The term Bushido has long represented a broad spectrum of Japanese samurai values which carried different implications during various eras. Regardless of its iterations, “the way of the warrior” was a critical philosophy and code of conduct to guide martial rulers who held military and political power during feudal Japan.
It was during the Edo period that the word Bushido was first used to define the values and ideals of the ruling military class. The Tokugawa regime sought to promote uniformity of warrior values even though there was no official samurai code. The samurai were expected to have military acumen and a martial spirit as well as an undying devotion to a lord, a staunch commitment to duty, and the courage to sacrifice his own life either in battle or through ritual suicide for the sake of honor.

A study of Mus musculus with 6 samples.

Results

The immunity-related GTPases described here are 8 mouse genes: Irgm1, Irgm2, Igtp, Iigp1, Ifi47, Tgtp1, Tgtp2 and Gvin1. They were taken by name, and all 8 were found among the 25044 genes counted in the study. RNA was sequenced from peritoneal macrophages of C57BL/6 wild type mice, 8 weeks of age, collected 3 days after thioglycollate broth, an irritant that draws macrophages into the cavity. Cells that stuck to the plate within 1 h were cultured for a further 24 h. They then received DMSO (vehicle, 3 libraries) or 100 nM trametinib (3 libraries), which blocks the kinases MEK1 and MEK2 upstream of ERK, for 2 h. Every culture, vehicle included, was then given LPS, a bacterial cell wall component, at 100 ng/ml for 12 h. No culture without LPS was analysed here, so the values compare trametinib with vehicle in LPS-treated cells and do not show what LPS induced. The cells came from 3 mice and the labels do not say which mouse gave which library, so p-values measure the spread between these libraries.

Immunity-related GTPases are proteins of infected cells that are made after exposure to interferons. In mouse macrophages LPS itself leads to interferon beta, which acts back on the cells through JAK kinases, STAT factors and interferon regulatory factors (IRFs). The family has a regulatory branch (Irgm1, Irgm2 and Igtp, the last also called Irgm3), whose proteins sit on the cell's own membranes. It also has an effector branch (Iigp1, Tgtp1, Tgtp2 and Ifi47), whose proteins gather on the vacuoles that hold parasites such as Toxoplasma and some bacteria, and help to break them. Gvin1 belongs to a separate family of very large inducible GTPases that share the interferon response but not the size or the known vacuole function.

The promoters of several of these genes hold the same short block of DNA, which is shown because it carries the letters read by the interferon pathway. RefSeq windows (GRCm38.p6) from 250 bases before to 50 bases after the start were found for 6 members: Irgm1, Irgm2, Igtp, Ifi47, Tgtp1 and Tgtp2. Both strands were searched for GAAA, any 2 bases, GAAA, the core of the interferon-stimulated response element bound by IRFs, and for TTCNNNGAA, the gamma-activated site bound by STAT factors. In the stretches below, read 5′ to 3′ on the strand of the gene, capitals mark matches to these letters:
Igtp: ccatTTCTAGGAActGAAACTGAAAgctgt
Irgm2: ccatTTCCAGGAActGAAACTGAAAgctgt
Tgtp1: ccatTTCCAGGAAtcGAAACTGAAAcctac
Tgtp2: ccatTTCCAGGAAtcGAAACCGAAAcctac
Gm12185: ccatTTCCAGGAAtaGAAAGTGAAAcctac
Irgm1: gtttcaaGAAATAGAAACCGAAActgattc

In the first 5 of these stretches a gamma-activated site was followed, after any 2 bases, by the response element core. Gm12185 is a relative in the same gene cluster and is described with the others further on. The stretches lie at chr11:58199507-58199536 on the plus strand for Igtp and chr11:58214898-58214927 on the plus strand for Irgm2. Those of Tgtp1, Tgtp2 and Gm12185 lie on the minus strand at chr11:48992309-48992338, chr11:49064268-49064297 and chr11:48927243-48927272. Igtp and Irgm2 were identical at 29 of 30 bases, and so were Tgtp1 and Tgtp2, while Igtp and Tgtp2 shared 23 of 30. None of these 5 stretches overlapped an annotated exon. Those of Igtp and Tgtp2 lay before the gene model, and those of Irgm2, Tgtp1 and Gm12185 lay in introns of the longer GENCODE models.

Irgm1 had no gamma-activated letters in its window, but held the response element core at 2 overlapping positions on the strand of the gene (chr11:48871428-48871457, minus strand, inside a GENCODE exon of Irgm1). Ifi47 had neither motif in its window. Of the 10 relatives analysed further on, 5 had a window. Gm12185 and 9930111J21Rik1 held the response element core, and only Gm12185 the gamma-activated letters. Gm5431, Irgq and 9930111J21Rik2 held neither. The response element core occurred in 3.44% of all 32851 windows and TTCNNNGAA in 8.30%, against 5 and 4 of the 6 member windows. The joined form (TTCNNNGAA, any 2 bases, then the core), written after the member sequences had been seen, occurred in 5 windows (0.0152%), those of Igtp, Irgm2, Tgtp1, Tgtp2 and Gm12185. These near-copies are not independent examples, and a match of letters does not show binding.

It was during the 17th and 18th centuries that a formal ethical code was established by the scholar Yamaga Soko (1622-1685) who is recognized for defining the samurai ideal. He described The Way of The Warrior as duty and loyalty above all practiced by a military figure who is a moral exemplar. He noted that it functioned effectively as an ethos perpetuated by the warrior’s lord and rewarded his service with favor. This mutual dependence between the samurai and the lord he serves are what scholars after Yamaga called the Bushido ethic.
When Emperor Meiji was restored as Japan’s ruler in 1868, the samurai class was abolished along with the feudal system. Regardless, the warrior archetype continued to perpetuate through literatures on Edo-period Bushido and served as a potent ideal in Japan. In 1899, Nitobe Inazo published Bushido: The Soul of Japan which characterized the warrior ethos as an embodiment of everything that was most admired in traditional Japanese culture and society.